An in-depth global review of scientific research has revealed that men who are overweight or obese are associated with a greater risk of developing advanced prostate cancers, including aggressive manifestations of the disease that often prove fatal.
This new finding is the result of an analysis of research into how lifestyle factors may be related to the development of prostate cancer, carried out as part of the World Cancer Research Fund’s Continuous Update Project (CUP). The accompanying report is described as the most in-depth report to date, encompassing analysis of 104 studies that involved in excess of 9.8 million males and >191,000 cases of prostate cancer.
“The report’s finding in relation to being overweight or obese is important. It is the first time we have been able to show any kind of link between advanced prostate cancer and weight. It adds to our general understanding of the impact of being overweight or obese on cancer risk and helps inform our cancer prevention efforts,” stated Kate Allen, Executive Director Science and Public Affairs at World Cancer Research Fund International.
This CUP report details strong evidence of a link between being overweight or obese and advanced prostate cancer, and the World Cancer Research Fund estimate that approximately 10% of these advanced cancer cases could be prevented annually in the UK if men were to maintain a healthy weight.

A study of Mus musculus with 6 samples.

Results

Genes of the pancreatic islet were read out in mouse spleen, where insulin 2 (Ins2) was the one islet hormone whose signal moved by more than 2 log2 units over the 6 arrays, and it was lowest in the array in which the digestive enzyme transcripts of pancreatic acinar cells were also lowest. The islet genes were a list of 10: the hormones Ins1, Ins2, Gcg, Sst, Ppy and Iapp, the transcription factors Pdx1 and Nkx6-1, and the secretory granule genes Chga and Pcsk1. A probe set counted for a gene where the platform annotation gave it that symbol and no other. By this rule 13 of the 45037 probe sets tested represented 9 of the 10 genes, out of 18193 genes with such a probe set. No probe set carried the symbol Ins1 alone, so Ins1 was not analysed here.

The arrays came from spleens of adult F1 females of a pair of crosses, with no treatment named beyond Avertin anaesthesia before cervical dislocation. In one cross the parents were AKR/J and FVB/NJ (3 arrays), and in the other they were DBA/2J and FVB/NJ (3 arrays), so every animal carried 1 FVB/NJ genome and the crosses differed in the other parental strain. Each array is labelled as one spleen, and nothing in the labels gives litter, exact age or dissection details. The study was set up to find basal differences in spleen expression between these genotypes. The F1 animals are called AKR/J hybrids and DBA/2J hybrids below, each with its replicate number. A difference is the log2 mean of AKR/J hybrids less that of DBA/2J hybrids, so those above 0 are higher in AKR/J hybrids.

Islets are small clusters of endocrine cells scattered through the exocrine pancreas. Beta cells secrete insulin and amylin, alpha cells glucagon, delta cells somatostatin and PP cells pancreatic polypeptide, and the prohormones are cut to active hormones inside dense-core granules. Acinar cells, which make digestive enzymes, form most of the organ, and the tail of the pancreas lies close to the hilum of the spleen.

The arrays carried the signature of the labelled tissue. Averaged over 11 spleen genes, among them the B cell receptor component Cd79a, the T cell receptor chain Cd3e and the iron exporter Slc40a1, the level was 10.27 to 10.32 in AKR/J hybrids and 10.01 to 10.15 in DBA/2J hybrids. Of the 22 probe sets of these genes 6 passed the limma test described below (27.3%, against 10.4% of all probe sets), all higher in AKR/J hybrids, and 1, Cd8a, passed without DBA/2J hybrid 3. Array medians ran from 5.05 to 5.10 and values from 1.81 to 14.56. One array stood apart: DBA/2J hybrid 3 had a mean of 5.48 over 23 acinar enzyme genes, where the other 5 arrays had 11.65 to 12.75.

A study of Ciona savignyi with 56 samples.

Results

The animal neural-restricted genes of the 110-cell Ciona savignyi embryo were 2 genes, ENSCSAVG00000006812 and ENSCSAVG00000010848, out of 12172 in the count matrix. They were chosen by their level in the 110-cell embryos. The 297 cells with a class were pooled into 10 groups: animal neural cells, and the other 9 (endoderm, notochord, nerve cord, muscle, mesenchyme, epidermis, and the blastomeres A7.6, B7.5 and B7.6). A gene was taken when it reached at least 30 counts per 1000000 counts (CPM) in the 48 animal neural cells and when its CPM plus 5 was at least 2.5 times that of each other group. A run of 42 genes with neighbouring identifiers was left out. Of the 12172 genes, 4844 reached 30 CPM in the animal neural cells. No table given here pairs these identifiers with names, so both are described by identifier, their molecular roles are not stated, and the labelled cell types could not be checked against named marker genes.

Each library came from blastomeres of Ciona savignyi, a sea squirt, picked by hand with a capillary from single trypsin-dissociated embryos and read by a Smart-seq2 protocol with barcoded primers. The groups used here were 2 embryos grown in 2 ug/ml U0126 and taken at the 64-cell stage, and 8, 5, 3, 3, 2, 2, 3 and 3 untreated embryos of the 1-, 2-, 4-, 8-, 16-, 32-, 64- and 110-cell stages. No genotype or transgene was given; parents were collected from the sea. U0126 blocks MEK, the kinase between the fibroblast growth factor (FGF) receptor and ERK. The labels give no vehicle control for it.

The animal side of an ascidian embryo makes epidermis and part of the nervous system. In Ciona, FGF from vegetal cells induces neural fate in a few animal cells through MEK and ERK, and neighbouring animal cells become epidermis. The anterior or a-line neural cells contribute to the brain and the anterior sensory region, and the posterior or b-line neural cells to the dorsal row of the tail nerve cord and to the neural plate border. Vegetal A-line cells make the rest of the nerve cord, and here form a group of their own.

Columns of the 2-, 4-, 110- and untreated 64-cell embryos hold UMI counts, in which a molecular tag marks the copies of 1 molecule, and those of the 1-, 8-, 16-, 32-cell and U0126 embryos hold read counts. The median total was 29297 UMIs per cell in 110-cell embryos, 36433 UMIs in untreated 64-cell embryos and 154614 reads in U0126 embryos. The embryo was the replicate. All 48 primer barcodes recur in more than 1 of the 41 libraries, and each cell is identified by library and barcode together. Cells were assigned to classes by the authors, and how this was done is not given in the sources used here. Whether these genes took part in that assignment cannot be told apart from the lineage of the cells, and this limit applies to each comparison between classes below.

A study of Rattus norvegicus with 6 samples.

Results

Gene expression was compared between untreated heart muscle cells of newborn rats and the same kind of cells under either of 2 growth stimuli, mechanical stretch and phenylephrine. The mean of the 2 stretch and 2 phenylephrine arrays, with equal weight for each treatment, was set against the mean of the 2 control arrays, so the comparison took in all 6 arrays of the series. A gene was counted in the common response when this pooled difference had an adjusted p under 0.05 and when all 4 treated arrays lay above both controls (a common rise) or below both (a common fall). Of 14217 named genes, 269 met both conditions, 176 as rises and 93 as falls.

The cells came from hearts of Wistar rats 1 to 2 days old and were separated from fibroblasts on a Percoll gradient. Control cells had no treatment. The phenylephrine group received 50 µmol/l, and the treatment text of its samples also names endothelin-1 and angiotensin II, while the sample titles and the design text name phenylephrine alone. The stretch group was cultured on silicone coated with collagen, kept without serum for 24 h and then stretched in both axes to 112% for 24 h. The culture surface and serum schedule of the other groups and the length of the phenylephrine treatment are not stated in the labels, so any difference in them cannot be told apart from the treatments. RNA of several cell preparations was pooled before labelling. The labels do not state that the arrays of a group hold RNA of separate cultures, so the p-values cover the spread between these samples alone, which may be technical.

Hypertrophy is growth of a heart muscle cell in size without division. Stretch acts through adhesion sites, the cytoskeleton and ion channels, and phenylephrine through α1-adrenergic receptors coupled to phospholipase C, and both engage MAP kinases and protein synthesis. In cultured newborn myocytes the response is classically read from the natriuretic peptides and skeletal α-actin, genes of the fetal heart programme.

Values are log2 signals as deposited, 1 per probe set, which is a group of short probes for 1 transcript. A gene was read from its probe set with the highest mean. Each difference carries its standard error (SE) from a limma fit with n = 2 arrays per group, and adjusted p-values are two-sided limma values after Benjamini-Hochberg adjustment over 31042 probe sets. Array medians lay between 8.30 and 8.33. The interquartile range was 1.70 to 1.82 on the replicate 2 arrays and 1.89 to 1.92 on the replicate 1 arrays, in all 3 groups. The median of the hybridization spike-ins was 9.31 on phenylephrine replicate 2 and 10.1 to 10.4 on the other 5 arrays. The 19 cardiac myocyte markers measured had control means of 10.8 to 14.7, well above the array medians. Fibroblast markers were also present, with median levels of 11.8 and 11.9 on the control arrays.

These results have also questioned previous consensus on the links between prostate cancer and certain food items. The evidence suggesting that diets rich in calcium are associated with an increased risk of prostate cancer has been downgraded from ‘strong’ to ‘limited’. Similarly, previous evidence suggesting that lycopene-containing foods decreased the risk of prostate cancer has been downgraded from ‘strong’ to ‘no conclusion possible’.
“…the CUP also points to a more complicated picture than first thought. More research has emerged into lifestyle, diet and prostate cancer since our last review. The result is that some of the evidence linking certain foods to prostate cancer risk has become less clear,” continued Allen.
The team behind CUP suggest that the emergence of this link between overweight/obese individuals and advanced prostate cancer could have some important implications. In particular, questions may be raised in relation to prostate cancer screening, asking whether excess weight should be considered alongside factors like family history in discussions between clinicians and men at risk of advanced prostate cancer.
“With so much controversy over the merits of screening for prostate cancer, it is vital in primary care for us to understand which patients are most at risk of developing this disease and are therefore most likely to benefit from PSA testing. The findings of this review have significant implications: they add strength to the rationale for encouragement of a healthy lifestyle and control of weight, in terms of cancer prevention; they point us towards recognizing overweight or obesity as a risk factor to take into account when discussing screening with patients; and they point us towards avenues of research that may help us to reduce the impact of this disease which kills over 10,000 men a year in the UK alone,” commented Jonathan Rees, Chair of the Primary Care Urology Society.